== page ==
MS State Fair 4-H Fashion Review
4-H Fashion Revue Rules
- Competition is open to all 4-H'ers age 8 to 18 years old who were selected as county winners in a competitive Fashion Revue.
- Contestants may enter only one outfit.
- Entries should be on an official entry form and postmarked by the first Monday in October of the current year to the 4-H Department.
- No limit to number of entries.
- Each category will have a Junior and a Senior Division.
- Registration begins at 8:30 am on Saturday, 4-H Day, in the Trade Mart Building. Judging will begin promptly at 9:00 a.m. followed by a Fashion Show on stage.
- All entries will be placed blue, red, or white.
- Awards will be paid on a pro-rate basis. Sweepstakes winners are selected from each of the categories.
Construction: All garments of an outfit (except top, in Level 1) must be constructed by the 4- H'er. Bring the garment on a hanger. Garment will be judged on construction first, then contestant will dress for judging of fit, pressing, suitability, quality, accessories, poise, posture, and grooming.
Level 1 (Junior or Senior)
This level will include a very simple garment. Skirt or pants or shorts with elastic waist. (Model with a purchased top.)
Level 2 (Junior or Senior)
This level includes a complete outfit with simple construction. (Garments would not have a zipper, set in sleeves, buttons, and buttonholes, applied waistband, or collars.)
Level 3 (Junior or Senior)
This level will include a complete outfit with some of these construction skills on the garments: zipper, set in sleeves, applied waistband, lined vest, collar, buttons, and buttonholes).
Level 4 (Junior or Senior)
This level will include a complete outfit with any of the construction skills listed in Level 3, plus any other skills including lined garments and specialty fabrics.
All garments in the outfit must have been purchased ready-made with selection done principally by the 4-H'er. Accessories to wear with the outfit, such as hat, shoes, tie, jewelry, may be made or selected with or without adult guidance. Contestant will model the outfit and be prepared to give a set of oral reasons about the outfit to the judges.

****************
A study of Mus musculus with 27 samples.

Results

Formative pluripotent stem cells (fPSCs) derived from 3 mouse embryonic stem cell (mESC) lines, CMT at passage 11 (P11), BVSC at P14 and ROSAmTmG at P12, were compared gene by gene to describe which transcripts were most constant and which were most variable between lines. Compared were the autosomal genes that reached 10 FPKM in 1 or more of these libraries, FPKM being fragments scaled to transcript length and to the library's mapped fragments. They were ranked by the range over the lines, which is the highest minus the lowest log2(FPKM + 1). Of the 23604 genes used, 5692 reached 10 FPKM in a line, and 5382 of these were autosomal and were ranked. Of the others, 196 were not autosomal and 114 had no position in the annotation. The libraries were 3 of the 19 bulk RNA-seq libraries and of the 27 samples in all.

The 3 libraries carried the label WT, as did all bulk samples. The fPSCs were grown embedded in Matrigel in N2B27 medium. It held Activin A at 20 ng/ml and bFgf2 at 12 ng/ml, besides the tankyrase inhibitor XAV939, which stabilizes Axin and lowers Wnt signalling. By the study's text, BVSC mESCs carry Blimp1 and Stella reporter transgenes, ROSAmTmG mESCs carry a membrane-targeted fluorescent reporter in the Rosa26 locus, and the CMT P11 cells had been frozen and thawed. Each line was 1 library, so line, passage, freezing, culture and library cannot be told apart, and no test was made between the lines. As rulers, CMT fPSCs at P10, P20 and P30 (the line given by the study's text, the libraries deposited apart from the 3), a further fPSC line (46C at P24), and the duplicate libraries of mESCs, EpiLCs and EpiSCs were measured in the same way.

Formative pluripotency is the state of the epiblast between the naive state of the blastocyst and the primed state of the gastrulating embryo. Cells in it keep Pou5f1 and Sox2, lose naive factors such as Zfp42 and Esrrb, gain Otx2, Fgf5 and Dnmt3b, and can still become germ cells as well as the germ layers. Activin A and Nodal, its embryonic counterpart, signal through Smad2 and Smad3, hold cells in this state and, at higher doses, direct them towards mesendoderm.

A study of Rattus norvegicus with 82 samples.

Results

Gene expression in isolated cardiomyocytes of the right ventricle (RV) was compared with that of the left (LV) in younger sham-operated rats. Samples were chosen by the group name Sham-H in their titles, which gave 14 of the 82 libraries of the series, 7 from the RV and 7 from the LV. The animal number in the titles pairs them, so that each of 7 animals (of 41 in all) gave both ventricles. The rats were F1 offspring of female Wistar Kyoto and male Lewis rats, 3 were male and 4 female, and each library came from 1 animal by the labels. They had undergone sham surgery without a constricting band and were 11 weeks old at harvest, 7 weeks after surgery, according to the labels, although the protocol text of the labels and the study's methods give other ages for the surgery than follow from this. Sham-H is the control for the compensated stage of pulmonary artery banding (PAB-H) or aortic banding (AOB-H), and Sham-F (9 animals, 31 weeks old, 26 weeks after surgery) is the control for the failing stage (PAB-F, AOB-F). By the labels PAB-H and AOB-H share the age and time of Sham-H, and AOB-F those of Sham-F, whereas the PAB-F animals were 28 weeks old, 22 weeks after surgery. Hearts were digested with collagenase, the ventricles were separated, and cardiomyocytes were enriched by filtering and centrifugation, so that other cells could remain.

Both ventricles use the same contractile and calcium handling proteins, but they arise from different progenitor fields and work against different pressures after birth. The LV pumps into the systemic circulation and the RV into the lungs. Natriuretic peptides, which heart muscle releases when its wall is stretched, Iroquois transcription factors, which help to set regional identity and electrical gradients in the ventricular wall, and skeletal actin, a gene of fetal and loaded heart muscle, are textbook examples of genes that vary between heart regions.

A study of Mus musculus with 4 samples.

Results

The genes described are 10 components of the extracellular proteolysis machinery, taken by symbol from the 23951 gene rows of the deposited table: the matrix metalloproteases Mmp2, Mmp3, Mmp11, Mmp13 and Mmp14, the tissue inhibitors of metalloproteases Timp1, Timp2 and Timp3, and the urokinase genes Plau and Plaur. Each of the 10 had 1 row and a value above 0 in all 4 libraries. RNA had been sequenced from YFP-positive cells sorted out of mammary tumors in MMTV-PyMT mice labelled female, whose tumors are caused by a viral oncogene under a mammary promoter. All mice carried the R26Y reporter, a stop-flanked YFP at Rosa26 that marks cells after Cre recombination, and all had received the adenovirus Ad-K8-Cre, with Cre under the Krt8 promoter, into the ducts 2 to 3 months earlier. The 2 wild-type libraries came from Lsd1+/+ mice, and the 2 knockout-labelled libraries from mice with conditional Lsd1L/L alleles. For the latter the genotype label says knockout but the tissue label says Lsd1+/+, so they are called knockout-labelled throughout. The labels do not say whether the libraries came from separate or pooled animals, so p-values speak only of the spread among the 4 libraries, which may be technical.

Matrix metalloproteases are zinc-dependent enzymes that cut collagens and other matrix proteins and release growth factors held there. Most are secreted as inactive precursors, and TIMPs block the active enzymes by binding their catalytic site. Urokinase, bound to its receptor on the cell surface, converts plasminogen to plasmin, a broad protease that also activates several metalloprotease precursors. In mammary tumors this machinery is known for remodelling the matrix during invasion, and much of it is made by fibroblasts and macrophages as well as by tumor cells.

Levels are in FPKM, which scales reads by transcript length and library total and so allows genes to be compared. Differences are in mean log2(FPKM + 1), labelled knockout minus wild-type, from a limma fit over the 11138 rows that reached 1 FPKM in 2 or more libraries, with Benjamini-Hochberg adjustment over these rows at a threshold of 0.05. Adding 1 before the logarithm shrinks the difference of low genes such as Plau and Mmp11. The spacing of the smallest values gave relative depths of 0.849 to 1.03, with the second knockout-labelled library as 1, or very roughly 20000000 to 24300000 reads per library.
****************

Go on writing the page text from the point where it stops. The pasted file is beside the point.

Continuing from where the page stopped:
All contestants will model in the Fashion Show on stage.
Fourteen Choctaw Central and Neshoba Central high school students got a look at college life April 26 when a 4-H career prep program took them to preview day at Mississippi State University. The young people met with MSU students who are fellow members of the Mississippi Band of Choctaw Indians, or MBCI. They also examined one of the EcoCAR club’s hybrid vehicles, heard about the admissions process and were given an idea of what the academic experience will be like.
The Dixie National Sale of Junior Champions began in 1969 as a conversation between two Mississippi State University livestock specialists dedicated to building better youth through livestock programs.
Insects and their habitats take center stage during Bugfest at the Mississippi State University Crosby Arboretum in Picayune on Sept. 21 and 22.
PICAYUNE, Miss. -- Students and families can explore and celebrate the insect world during the Crosby Arboretum’s 11th annual Bugfest Sept. 22 and 23 in Picayune.
The arboretum, a public garden operated by the Mississippi State University Extension Service, sponsors Bugfest to allow the community to foster curiosity and an appreciation of nature and adventure.
Participants can collect and identify insects alongside Extension entomologist John Guyton and others from the MSU Department of Biochemistry, Molecular Biology, Entomology and Plant Pathology.
MSU Extension Service
Learn by doing…
WINONA, Miss. -- Families, friends and agents of the Mississippi State University Extension Service watched smoke rise from several grills housed inside the Montgomery County Coliseum as an aroma of herbs, spices and charcoal filled the air.
Each year, dozens of 4-H members from Mississippi pack their grills, meat, utensils and secret ingredients to compete in the annual state 4-H Cook-Out.
Mississippi 4-H Introduces New Youth Leadership Positions
Administrators with the Mississippi State University Extension Center for 4-H Youth Development recently announced two new offices for 4-H’ers: president-elect and past president. These new positions will allow the 4-H’ers more training and opportunities, state leaders agree.
Mississippi 4-H’er receives prestigious recognition
While volunteering is nothing new for Rankin County 4-H’er Abbye Buchanan, her participation as lead ambassador for 4-H in the Red Cross Totes for Hope campaign is an experience that stands out from the rest.
William Hall “Corn Club” Smith, Francis J. Lundy, Alphonse Marks, Hobson Waits, Lester Spell, and Harry Dendy have been recognized for their contributions to 4-H.
“You know that saying, ‘It takes a village to raise a child’? Well, it takes a village to raise a goat, because it’s a kid!” Tyler Branch says with a smile.
A senior at the Mississippi School for Math and Science, Tyler knows this truth from experience. His 4-H career centered around showing Boer goats.